Netflix’s latest smash hit Wednesday is a fun and creepy show based on those familiar Addams family characters, starring Jenna Ortega as the titular teen and directed by Tim Burton in his first-ever TV series.
While many were excited that the series chose to honor Charles Addam’s original characters by casting a Latina in the title role, others are upset about the alleged undertones in the series. Most of the Black actors in the series portray bullies or villains, like Wednesday’s school rival Bianca Barclay or Lucas Wilson, the son of the corrupt mayor. The mayor, a Black man, also owns “Pilgrim Land” in the series, which was definitely a…choice.
Laughed out loud when the Black guy in WEDNESDAY said “my dad owns Pilgrim World” after she said only a sicko would make a theme park about religious zealots responsible for mass genocide, lmao OK buddy!!
— Bolu Babalola & (@BeeBabs) November 27, 2022
Me trying to badly to push pass the racist and anti-Black undertones in the Wednesday Addams Netflix show. Like whoever thought making the Black man as the owner of a pilgrim amusement park is literally going to HELL.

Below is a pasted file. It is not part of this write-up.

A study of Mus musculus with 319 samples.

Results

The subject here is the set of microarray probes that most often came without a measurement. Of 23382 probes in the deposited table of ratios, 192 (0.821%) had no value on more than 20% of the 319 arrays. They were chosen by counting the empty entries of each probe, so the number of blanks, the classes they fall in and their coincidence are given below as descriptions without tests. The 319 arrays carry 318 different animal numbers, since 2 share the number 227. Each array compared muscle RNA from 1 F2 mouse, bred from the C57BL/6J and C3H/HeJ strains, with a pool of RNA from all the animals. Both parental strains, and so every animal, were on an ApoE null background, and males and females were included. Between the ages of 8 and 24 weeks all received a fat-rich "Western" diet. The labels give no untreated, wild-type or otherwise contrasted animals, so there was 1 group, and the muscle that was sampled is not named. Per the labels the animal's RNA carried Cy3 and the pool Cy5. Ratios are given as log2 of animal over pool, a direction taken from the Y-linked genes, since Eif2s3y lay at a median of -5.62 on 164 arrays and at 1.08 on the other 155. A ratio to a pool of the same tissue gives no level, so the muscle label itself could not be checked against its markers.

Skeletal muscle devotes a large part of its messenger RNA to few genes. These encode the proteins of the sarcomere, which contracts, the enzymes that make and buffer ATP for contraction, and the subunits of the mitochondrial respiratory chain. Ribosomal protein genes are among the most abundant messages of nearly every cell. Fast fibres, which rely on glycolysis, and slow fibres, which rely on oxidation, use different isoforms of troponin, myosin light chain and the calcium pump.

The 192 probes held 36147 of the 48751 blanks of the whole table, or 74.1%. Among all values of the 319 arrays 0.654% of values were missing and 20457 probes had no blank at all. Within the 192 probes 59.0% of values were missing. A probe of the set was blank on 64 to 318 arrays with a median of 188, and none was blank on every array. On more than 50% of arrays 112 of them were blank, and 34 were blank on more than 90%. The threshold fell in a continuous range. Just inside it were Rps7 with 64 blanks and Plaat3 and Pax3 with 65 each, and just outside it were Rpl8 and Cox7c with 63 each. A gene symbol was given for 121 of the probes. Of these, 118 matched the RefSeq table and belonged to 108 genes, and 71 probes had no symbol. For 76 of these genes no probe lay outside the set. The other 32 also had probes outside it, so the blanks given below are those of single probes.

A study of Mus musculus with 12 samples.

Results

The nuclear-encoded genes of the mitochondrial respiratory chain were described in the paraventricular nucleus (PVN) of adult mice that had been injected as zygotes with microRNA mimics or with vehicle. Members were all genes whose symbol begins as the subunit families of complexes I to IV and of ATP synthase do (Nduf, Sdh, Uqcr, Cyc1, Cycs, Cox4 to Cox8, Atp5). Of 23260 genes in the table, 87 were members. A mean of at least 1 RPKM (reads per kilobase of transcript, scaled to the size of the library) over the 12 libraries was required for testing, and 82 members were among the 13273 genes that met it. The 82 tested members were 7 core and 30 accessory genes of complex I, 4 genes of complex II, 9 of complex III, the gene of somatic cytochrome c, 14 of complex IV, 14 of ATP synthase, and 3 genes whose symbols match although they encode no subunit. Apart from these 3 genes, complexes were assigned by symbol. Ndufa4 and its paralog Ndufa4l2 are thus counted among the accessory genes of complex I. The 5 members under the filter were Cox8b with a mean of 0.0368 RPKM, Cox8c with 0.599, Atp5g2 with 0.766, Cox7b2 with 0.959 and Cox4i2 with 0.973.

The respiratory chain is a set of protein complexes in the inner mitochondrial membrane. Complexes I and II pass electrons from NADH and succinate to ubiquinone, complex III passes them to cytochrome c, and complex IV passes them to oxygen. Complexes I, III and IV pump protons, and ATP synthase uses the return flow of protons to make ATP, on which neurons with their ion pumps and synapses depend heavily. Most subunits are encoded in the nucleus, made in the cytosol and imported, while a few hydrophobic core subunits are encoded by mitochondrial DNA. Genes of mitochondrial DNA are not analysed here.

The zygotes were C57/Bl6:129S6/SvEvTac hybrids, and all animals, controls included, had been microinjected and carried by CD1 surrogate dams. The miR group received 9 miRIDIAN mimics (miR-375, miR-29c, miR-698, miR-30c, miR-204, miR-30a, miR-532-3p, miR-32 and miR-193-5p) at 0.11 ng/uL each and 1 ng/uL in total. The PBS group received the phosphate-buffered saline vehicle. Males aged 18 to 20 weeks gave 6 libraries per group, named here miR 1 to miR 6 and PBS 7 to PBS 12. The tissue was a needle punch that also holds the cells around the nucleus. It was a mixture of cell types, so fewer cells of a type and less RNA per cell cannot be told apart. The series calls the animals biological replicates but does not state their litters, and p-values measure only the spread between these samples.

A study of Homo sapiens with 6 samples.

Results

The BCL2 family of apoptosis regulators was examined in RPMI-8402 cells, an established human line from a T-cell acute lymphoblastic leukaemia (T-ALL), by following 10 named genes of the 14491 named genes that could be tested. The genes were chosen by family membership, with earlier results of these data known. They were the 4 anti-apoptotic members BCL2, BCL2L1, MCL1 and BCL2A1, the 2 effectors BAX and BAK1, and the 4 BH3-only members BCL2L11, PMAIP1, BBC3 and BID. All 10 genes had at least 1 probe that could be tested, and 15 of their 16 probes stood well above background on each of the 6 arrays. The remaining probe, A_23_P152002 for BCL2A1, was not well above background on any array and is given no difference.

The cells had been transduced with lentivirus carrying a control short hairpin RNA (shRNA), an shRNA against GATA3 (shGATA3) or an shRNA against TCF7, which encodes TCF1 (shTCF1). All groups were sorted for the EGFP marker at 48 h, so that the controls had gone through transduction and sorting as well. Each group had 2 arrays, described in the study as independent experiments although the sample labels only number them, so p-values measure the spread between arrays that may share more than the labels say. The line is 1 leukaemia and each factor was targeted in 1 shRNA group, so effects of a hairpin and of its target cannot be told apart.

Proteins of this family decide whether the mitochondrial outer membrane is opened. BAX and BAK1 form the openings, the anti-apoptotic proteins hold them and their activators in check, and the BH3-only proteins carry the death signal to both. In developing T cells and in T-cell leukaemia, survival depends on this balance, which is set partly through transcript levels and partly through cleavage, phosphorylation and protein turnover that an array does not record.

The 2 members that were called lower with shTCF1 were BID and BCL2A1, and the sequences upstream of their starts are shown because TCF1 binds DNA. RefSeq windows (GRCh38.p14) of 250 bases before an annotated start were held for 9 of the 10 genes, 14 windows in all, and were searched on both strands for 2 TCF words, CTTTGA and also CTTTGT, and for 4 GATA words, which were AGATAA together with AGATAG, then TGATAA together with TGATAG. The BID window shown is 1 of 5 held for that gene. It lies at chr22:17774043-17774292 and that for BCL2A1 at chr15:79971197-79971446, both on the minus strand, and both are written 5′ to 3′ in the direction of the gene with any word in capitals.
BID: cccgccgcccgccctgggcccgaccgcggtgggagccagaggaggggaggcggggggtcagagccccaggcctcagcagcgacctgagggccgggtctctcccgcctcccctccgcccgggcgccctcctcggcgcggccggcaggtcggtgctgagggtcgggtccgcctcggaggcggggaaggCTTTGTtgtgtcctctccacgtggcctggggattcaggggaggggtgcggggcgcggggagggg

— Jada (@jada178) November 26, 2022
also speaking of wednesday why is there a whole anti-colonialism plot but the literal “pilgrim world” is owned and promoted by a Black man? and why does white lady morticia tell that man “men like you have no idea what it’s like not to be believed” ??? tim your days are numbered
— abby (@wabbywebb) November 30, 2022
the Wednesday show is extremely fun but….Tim Burton’s racism definitely shines through. idk what the solution is for this. i doubt they’d ever drop him.
— not your belldandy (@briarhoes) November 29, 2022
Unfortunately, Burton has been criticized before due to the lack of diversity in his films. The director has made over 35 movies, though Wednesday is the first to have a person of color as the lead. Samuel L. Jackson confirmed that he had spoken to Burton about his casting choices when he appeared in 2016’s Miss Peregrine’s Home For Peculiar Children.
“I had to go back in my head and go, how many black characters have been in Tim Burton movies?” Jackson said at the time. “And I may have been the first, I don’t know, or the most prominent in that particular way, but it happens the way it happens. I don’t think it’s any fault of his or his method of storytelling, it’s just how it’s played out.”